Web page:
Skip to 0 minutes and 16 seconds I’m Matt. I’m a fourth-year student now on the BSC microbiology programme at University of Reading. I did a year– placement year– as part of my degree. I went to Iceland, to the north of the country– a city called Akureyri, which is the second-largest city in Iceland. We spent the first week travelling around the country, going to various sample sites to look at various environments. It was really, really good. It was great to sort of go out and see the environments where microbes are living. And we also went to sort of Mars analogue sites, so environments which look a little bit like Mars. And that was quite amazing to see places I’d never really seen before.
Skip to 0 minutes and 51 seconds I learned some pretty amazing things about what Iceland was like and also just how versatile and survivable microbes can be in these crazy environments with extremes of temperature and UV. And they can survive pretty much anywhere, which is quite amazing. I’ve had lots of good opportunities to interact with a variety of different topics, meet people from lots of different fields, meet lots of people who are specialising in certain things. And I’d definitely choose it again if I could. After having err, got some experience on the placement and in Iceland, I’m going to go and study a PhD. And I think the degree at Reading has really prepared me well for going on to do that.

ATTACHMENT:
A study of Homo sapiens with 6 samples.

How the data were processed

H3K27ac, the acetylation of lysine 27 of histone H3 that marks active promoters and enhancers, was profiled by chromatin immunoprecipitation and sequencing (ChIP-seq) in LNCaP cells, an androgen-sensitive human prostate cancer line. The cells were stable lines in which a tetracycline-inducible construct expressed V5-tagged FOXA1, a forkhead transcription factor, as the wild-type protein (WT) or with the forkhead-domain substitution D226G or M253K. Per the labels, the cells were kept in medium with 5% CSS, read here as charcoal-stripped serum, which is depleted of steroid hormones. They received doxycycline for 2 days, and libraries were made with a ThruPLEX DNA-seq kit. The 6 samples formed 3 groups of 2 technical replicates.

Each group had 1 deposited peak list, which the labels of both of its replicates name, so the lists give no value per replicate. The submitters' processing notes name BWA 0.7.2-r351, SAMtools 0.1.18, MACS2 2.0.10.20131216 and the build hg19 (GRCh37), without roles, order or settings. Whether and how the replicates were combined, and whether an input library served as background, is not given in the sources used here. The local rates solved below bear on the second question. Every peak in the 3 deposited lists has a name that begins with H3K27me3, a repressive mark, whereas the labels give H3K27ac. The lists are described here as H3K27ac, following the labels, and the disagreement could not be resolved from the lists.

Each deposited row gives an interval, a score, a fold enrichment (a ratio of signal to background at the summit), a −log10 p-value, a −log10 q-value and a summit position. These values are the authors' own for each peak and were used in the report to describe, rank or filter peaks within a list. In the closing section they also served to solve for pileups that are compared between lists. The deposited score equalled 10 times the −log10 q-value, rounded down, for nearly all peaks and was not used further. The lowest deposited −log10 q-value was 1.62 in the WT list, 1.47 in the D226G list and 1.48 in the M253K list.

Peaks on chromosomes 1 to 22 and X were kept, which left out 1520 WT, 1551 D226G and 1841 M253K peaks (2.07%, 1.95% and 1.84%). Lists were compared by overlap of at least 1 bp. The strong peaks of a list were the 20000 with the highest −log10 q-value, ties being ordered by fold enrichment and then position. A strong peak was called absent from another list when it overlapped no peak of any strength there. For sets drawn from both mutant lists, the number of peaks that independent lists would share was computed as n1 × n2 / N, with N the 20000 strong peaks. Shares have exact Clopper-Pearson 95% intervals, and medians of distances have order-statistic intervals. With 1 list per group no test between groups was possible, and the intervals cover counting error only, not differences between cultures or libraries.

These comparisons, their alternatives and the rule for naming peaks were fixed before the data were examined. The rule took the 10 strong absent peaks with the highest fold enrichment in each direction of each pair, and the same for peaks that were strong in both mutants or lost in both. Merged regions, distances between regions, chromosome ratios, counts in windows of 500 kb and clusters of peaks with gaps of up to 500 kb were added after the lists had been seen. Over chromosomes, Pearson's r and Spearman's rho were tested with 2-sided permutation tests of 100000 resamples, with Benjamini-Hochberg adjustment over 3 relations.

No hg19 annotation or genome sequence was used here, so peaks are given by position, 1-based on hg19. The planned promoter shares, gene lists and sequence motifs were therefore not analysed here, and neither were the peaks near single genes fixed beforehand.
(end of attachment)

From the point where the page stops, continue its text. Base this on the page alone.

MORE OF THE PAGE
Skip to 1 minute and 29 seconds And I’m really quite excited to get started and get stuck in with a career in science.
Meet Matthew Shepherd - a microbiology graduate
In this video you’ll meet Matthew, who studied microbiology at the University of Reading. Matthew explains how his experiences of a microbiology work placement and studying microbial ecology on a field trip to Iceland were particular highlights of his degree.
You may also like to read these blog posts written by students who joined this annual trip in 2016.
Matthew graduated from the University of Reading in June 2018 and is now undertaking a PhD in molecular microbiology at the University of Bath. He’s working on the rewired flagellum project supervised by Dr Tiffany Taylor.
We hope you enjoyed this Week, where you explored some of the major discoveries in microbiology and got the chance to perform your own microbiology experiment. You also learnt about a number of current techniques used in our working labs study microbes, as well as exploring more experimental microbiology techniques.
Join us in Week 3 where you’ll explore how microbes impact health, food and our environment.
Hear expert interviews from medical experts Dr Sheila Macintyre and Dr Simon Clarke, environmental expert Dr Renee Lee and food microbiology expert Dr Gemma Walton, and try out another home experiment where you can make your own yoghurt.